Friday, January 14, 2022

MRAD or MOA Reticle Explained Simply and the MILDOT Confusion

Which Reticle Should I Choose?
MRAD or MOA Reticle Explained Simply and the MILDOT Confusion

A good friend of mine is shopping for a high tier optic for his SKAR asked the simple question of which reticle subtense MRAD or MOA? It is a simple question with often a more complex answer and really depends on the person and how they set up across their kit, who they shoot with, how they range, and shoot.

Generally, it is good to pick one and stick with it without going back and forth, however there are times it makes sense to have both. Not many people can mentally swap back and forth well between MRAD or MOA as they are very different angular measurements. 

Notably they are angular measurements, not dimensional measurements. Even when we say 1 MOA at 100-yards conveniently equals about 1", at 200-yards 1MOA equals 2", so MOA and MRAD are not measurements, but an angle that increases at a consistent rate from the shooter to infinity. If we shot a laser and we were off 1 MRAD left at 100-meters, we would be 8 MRAD left (80 cm) at 800 Meters. Everything scales.

MRAD also known as MIL short for the metric Mill Radian in cm/meters is usually 10 clicks/units per 1 MRAD on the turret

MOA is MIl Minute of Angle in inches/yards and usually 4 Clicks per 1 MOA on the turret

When we are buying an optic, we have to be careful just looking at the reticle. MILDOTs and "MILDOT style" reticles are available in both/either MRAD reticle and turrets, MOA reticle and turrets and several years ago (confusingly) a combo of MRAD reticles with MOA turrets. Check the specs on the manufacture site as it can be confusing just note that MIL style reticles do not necessarily equal MRAD or MRAD turret adjustments. There are plenty of MOA based optics with MOA style reticles and turrents. Generally you can buy what you want.


Both are easy to think about if you know your measurements but MIL/MRAD is metric and MOA is imperial inches/yards. 

1 MRAD is one 10cm (3.8-inches) unit at 100 Meters. with 10 click units per MRAD - 1/10th MRAD adjustments.

1 MOA is 1" at 100-Yards - 4 clicks per MOA, but some have 1/8 clicks or 8 per MOA - 1/4 or 1/8 MOA Adjustments

So thinking that 1CM equals about 1/2" you can see that MOA are usually considered more precise since they can typically go down to 1/4" or even 1/8" adjustments where MRAD can just adjust down to about 1/2" (1cm). Most consider MOA a bit faster and simpler to adjust on the fly with only 4-clicks per MIL. Notably a lot of super precision bench-rest shooters will opt for MOA optics to dial in point of impact more precisely.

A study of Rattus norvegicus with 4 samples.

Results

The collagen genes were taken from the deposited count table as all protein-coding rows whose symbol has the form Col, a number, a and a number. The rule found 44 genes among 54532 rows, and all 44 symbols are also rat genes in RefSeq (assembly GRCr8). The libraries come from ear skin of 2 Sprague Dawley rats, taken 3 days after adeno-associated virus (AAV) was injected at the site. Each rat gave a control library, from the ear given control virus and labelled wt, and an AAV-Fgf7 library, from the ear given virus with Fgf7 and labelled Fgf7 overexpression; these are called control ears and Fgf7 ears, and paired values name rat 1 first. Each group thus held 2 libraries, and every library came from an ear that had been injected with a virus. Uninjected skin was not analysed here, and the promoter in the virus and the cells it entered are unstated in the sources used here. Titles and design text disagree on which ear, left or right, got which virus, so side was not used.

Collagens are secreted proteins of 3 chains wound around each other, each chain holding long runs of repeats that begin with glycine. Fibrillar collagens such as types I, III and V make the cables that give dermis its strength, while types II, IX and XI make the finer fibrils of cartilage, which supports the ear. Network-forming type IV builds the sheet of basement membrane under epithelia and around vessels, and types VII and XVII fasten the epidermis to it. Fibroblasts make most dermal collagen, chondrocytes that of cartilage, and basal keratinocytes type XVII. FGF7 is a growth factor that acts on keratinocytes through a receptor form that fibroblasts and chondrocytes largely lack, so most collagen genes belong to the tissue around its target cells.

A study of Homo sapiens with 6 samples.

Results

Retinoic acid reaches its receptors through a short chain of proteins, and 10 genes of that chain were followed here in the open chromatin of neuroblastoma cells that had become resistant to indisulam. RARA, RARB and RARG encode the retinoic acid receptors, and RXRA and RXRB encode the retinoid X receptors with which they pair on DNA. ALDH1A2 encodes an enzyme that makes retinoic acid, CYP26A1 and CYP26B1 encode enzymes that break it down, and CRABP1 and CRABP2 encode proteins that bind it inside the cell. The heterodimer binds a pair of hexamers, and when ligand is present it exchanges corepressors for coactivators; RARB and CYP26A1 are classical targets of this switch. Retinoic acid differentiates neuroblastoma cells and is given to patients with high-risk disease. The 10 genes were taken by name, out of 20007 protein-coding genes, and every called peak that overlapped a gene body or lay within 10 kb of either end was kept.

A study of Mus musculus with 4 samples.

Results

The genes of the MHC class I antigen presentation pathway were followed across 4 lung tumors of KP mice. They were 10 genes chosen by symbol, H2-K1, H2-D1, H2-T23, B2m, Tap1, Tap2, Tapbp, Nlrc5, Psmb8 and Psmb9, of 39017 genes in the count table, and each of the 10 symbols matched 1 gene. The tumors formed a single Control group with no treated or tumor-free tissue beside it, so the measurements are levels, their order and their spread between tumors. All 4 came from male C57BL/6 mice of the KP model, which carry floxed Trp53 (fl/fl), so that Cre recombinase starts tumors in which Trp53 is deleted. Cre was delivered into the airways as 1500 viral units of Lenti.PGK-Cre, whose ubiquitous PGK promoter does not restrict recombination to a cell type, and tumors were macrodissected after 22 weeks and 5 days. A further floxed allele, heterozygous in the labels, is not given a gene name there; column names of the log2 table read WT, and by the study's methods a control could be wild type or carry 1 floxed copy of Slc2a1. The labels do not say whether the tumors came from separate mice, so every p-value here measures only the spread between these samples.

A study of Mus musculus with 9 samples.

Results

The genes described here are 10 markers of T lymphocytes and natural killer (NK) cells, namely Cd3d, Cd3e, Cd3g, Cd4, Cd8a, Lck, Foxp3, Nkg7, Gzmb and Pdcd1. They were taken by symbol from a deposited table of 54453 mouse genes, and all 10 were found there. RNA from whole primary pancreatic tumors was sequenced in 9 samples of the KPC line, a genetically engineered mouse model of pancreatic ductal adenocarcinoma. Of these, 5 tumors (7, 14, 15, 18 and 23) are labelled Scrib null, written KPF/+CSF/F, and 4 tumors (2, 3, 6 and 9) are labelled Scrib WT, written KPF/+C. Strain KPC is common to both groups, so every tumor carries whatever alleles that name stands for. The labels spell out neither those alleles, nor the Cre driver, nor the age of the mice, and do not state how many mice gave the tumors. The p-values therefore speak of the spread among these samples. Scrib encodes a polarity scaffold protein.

If the rest of your optics are  MRAD adjustment, I like to keep things simple so you do not get confused and start thinking you're adjusting for MRAD when you are actually adjusting for MOA. If you are mostly a MOA shooter, I would stick with that.

I lot of US shooters prefer MOA since they know what 100-yards and 1" is, however many ranges and target competitions are set in Meters. Some top competitors will actually swap optics from MOA to MRAD based on the known distance shots they would take. Some shooters will opt for whatever their buddies are shooting so if someone is spotting for them and says 1 MOA over, everyone is on the same page.

My Simplified Perspective on Using Either
Here is my take and this and how I have seen pro shooters use either scale. They will either have a DOPE range card (Data on Previous Engagement) with all their drops listed per hash or have some type of APP or ballistic calculator (I like Strelok).  They range and then look at their range card or plug the value in to their Bal Calc that has the round data and drops and take the shot and then adjust as needed. Where either MRAD or MOA MIL systems are handy is that when you miss and know you were one MIL high and one MIL left, you can just make that hold adjustment using the reticle dots and take the shot - what range it is and all the other calc data is irrelevant, because you know where your hits are landing and you can either just dial the adjustment or make the adjustment hold in the reticle.

I generally like to have a picture card of my reticle with the range verified drops for each mark with my selected ammo - every ammo will deliver different drops. Example Center dot is 200-yard zero, HASH1 - 310yards, HASH2 - 430yards...etc with a particular ammo and rifle. I may have different ammo I might be using.

I am typically an MRAD guy since I have all my longer range rifles set up that way and if I use my DOPE card data and a rangefinder, I will be one shot one and if not can adjust for a 2nd shot hit. However, a lot of my .22LR rights are MOA based to give me more adjustment precision at 75, 100 out to 300 yards.